A quick series of thought-reactions to the interesting program Grant McCracken has put together for Culture Camp London#.
Culture is at the root of understanding what people do or at least seeing it through a new lens. In turn, this gives us the ability to be engaged with the motivations that support why this rather than that scenarios to help us design responsive experiences in a broader-than-screen sense.
In a conversation a couple of million words away from this post, Peter Tunjic and I talked about the modern virtues. I am now juxtaposing his take on composition with the ideas of movement put forth by McCracken and finding some threads.
My line -- I find myself more and more interested in the space between things— notes, words, events, etc. There is a lot of life happening there.
Peter: Composition is really interesting— concepts I play with when working through how context composes is:
- What moves slowly or even stand stills (buildings, mountains, streets, trees, people in some capacity)
- What moves fast (weather, people and things that can move around.)
- The relationship between slow and fast (resistance) – leading to composition – think of a river – the direction is determined by resistance of the banks to the flow of water.
- The roll of patterns on composition (seasons, the way people walk to work).
- The relationship between what we intend (seen as intellect) and our intent (seen as behavior) on composition.
- Time as a poor measure of composition.
I also play with metaphors— one I’m working on is chess where the pawns can never be taken off.
McCracken Structural Changes:
1.1 The end of status as the great motive of mainstream culture.
1.2 The end of cool as the great driver of alternative culture.
1.3 The movement between dispersive cultures and convergent cultures.
1.4 The movement between fast cultures and slow cultures.
1.5 The shift from a “no knowledge” culture to a “new knowledge” culture.
I'm relating the first two to relationship between what we intend (intellectual) and intent (behavior); dispersive and converging are potentially qualities related to patterns; the fourth is related to speed and time; is knowledge the pawns that can never be taken off?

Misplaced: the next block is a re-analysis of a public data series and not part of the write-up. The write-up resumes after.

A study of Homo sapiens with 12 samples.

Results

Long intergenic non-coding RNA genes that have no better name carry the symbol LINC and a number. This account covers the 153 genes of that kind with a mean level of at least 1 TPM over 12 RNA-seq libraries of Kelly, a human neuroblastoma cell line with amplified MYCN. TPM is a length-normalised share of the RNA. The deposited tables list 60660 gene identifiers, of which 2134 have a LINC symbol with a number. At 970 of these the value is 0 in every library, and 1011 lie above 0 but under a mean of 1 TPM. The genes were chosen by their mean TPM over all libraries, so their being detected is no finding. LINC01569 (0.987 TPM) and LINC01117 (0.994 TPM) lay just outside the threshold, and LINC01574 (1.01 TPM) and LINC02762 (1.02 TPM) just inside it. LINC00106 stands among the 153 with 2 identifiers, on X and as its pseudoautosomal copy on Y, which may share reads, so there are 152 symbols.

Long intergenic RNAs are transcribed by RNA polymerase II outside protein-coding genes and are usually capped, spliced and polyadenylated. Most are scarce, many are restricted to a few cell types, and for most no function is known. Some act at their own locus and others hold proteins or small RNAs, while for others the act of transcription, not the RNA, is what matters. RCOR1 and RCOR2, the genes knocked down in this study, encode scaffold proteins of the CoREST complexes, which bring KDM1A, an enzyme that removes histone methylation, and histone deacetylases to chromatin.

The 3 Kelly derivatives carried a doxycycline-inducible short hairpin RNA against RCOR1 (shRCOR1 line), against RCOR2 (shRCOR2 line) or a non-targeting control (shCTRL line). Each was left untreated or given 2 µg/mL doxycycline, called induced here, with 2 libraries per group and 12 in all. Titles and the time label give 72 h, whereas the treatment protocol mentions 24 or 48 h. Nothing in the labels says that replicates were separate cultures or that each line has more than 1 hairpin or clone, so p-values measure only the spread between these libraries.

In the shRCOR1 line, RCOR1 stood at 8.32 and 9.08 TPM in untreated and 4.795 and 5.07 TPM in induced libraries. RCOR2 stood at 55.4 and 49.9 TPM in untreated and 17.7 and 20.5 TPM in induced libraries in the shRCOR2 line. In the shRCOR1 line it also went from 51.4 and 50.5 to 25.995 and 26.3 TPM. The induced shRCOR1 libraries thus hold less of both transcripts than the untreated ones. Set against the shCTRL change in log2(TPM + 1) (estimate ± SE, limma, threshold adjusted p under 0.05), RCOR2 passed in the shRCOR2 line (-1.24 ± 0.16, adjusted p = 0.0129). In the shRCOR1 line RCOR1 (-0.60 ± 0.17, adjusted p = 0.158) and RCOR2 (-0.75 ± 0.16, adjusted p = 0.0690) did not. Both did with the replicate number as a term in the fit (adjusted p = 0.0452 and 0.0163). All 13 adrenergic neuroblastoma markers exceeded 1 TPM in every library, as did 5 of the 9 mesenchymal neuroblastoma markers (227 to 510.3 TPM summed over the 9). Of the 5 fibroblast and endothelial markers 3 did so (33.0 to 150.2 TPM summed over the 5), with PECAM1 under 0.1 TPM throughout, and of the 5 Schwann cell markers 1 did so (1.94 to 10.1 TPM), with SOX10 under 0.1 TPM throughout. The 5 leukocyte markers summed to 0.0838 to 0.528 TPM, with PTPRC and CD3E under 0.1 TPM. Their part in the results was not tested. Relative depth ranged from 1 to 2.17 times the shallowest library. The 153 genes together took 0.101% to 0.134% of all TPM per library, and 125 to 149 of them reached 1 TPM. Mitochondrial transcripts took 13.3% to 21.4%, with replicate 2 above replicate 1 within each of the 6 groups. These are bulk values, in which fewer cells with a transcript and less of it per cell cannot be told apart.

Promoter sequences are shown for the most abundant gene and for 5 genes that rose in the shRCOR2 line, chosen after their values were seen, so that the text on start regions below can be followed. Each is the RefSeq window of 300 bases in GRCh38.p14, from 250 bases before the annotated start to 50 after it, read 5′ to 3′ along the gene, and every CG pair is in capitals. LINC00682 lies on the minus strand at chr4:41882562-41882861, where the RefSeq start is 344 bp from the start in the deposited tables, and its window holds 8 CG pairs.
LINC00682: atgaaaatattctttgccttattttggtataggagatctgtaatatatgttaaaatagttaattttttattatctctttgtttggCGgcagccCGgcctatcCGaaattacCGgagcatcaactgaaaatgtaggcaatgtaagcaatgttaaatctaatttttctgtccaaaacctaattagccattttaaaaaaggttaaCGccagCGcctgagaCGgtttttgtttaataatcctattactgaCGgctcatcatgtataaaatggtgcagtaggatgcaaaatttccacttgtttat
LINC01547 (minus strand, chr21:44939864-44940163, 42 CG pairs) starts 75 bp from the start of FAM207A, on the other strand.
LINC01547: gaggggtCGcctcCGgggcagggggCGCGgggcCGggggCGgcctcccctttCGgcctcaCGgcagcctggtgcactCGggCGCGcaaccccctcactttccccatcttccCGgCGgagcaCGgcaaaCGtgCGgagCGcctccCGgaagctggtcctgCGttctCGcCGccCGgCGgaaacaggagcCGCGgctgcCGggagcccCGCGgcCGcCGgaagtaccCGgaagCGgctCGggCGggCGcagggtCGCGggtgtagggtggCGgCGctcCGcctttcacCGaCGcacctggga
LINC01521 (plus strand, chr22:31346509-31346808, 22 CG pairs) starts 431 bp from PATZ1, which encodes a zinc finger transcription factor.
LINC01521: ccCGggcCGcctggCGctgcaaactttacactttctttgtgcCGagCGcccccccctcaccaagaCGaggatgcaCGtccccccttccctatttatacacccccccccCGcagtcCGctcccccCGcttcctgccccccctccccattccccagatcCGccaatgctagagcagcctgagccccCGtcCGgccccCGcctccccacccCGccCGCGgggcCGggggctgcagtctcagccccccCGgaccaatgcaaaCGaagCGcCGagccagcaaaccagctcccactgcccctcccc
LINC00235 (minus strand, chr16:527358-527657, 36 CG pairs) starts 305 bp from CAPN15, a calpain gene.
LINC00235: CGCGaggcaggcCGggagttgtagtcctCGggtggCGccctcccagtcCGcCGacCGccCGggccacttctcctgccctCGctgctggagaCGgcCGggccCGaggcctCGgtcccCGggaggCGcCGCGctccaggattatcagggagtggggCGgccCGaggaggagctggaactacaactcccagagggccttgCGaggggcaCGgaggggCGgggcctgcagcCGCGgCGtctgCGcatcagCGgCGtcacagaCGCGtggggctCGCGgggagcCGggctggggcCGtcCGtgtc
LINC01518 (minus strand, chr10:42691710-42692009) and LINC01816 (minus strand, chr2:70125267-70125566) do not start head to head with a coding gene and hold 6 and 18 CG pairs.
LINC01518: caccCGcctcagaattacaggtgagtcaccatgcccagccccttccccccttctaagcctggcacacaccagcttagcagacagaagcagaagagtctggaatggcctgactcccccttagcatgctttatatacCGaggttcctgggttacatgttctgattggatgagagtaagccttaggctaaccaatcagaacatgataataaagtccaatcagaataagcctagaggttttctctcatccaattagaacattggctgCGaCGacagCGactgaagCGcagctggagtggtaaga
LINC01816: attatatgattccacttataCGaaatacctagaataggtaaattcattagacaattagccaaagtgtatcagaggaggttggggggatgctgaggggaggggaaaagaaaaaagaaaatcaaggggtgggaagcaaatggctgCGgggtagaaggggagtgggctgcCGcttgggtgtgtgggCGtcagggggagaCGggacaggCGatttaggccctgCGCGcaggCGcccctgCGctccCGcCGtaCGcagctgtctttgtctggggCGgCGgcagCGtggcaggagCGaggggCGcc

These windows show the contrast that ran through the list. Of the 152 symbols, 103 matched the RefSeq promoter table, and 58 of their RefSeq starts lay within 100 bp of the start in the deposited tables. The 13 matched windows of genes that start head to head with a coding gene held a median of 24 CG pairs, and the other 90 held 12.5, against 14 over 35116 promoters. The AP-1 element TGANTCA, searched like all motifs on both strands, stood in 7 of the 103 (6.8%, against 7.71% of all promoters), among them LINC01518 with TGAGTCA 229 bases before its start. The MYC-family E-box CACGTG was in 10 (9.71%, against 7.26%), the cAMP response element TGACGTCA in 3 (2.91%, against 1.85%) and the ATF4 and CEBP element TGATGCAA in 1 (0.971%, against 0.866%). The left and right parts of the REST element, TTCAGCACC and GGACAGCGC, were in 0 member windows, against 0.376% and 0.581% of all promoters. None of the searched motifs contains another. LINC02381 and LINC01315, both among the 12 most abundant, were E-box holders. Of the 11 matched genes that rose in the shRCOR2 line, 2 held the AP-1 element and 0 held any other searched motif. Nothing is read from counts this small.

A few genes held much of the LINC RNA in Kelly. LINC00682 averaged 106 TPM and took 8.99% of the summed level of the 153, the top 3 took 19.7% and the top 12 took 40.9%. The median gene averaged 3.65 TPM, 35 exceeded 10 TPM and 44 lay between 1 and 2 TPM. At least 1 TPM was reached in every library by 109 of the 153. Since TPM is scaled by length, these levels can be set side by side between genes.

(perhaps Peter can provide additional insights when he reads the post).
As for "1.9 shifts from single selves to multiple selves (especially for Millennials)" I do wonder if it is a product of selfies-driven awareness -- seeing oneself as placed in a specific picture, and composition throughout one's experience.
The ethnographic research lite I conducted came after a more robust immersion in anthropology and human development -- both are super useful contributing factors in the current concentration of my work on network behavior.
Speaking about cultural analysis, growing up in Europe I learned to appreciate how popular wisdom and regional jokes were rooted in experience as well as expression. Translated into user's and buyer's journey terms how interaction and conversation animate behavioral changes and learnings.
Ability to see relationships is a valuable quality for making memes.
[image courtesy Yanko Tsvetkov’s Atlas of Prejudice 2]
Valeria is an experienced listener. She designs service and product experiences to help businesses rediscover the value of promises and its effects on relationships and culture. She is also frequent speaker at conferences and companies on a variety of topics. Book her to speak here.